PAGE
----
Research output: Contribution to journalArticle

Jilly Naaijen, Marcel P Zwiers, Houshang Amiri, Steven C. R. Williams, Sarah Durston, Bob Oranje, Daniel Brandeis, Regina Boecker-Schlier, Matthias Ruf, Isabella Wolf, Tobias Banaschewski, Jeffrey C Glennon, Barbara Franke, Jan K Buitelaar, David J Lythgoe

Original languageEnglish
JournalNeuropsychopharmacology : official publication of the American College of Neuropsychopharmacology
Early online date21 Nov 2016
Publication statusPublished - 14 Dec 2016

King's Authors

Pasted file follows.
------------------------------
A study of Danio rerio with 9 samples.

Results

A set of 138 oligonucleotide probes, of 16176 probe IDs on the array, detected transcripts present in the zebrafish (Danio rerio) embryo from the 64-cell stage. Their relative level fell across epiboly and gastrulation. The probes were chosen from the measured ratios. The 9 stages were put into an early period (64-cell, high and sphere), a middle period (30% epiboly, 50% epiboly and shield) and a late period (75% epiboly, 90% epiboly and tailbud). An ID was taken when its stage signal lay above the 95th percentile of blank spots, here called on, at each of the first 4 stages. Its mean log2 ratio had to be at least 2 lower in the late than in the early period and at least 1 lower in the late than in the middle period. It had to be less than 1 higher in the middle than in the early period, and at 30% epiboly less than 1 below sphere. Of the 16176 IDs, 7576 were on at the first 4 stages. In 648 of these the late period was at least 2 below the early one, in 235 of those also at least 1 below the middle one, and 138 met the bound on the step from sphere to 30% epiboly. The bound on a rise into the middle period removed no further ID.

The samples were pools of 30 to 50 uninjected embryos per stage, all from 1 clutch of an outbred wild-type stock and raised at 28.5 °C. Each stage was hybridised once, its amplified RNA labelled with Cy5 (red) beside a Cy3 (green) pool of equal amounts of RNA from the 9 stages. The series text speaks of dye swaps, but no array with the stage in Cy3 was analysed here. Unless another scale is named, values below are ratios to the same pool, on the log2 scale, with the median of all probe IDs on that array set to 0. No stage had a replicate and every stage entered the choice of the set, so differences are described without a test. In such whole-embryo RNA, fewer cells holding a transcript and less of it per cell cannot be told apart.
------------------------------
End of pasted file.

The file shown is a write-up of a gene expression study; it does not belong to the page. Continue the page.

Autism spectrum disorders (ASD) and obsessive compulsive disorder (OCD) are often comorbid with the overlap based on compulsive behaviors. Although previous studies suggest glutamatergic deficits in fronto-striatal brain areas in both disorders, this is the first study to directly compare the glutamate concentrations across the two disorders with those in healthy control participants using both categorical and dimensional approaches. In the current multi-center study (four centers), we used proton magnetic resonance spectroscopy (1H MRS) in 51 children with ASD, 29 with OCD, and 53 healthy controls (aged 8 to 13 years) to investigate glutamate (Glu) concentrations in two regions of the fronto-striatal circuit: midline anterior cingulate cortex (ACC) and left dorsal striatum. Spectra were processed with Linear Combination Model (LCModel). Group comparisons were performed with one-way analyses of variance including sex, medication use, and scanner site as covariates. Additionally, a dimensional analysis was performed, linking glutamate with a continuous measure of compulsivity across disorders. There was a main group effect for ACC glutamate (p=0.019). Contrast analyses showed increased glutamate both in children with ASD and OCD compared to controls (p=0.007), but no differences between the two disorders (p=0.770). Dimensional analyses revealed a positive correlation between compulsive behavior (measured with the Repetitive Behavior Scale) and ACC glutamate (rho=0.24, p=0.03). These findings were robust across sites. No differences were found in the striatum. The current findings confirm overlap between ASD and OCD in terms of glutamate involvement. Glutamate concentration in ACC seems to be associated with the severity of compulsive behavior.Neuropsychopharmacology accepted article preview online, 21 November 2016. doi:10.1038/npp.2016.260.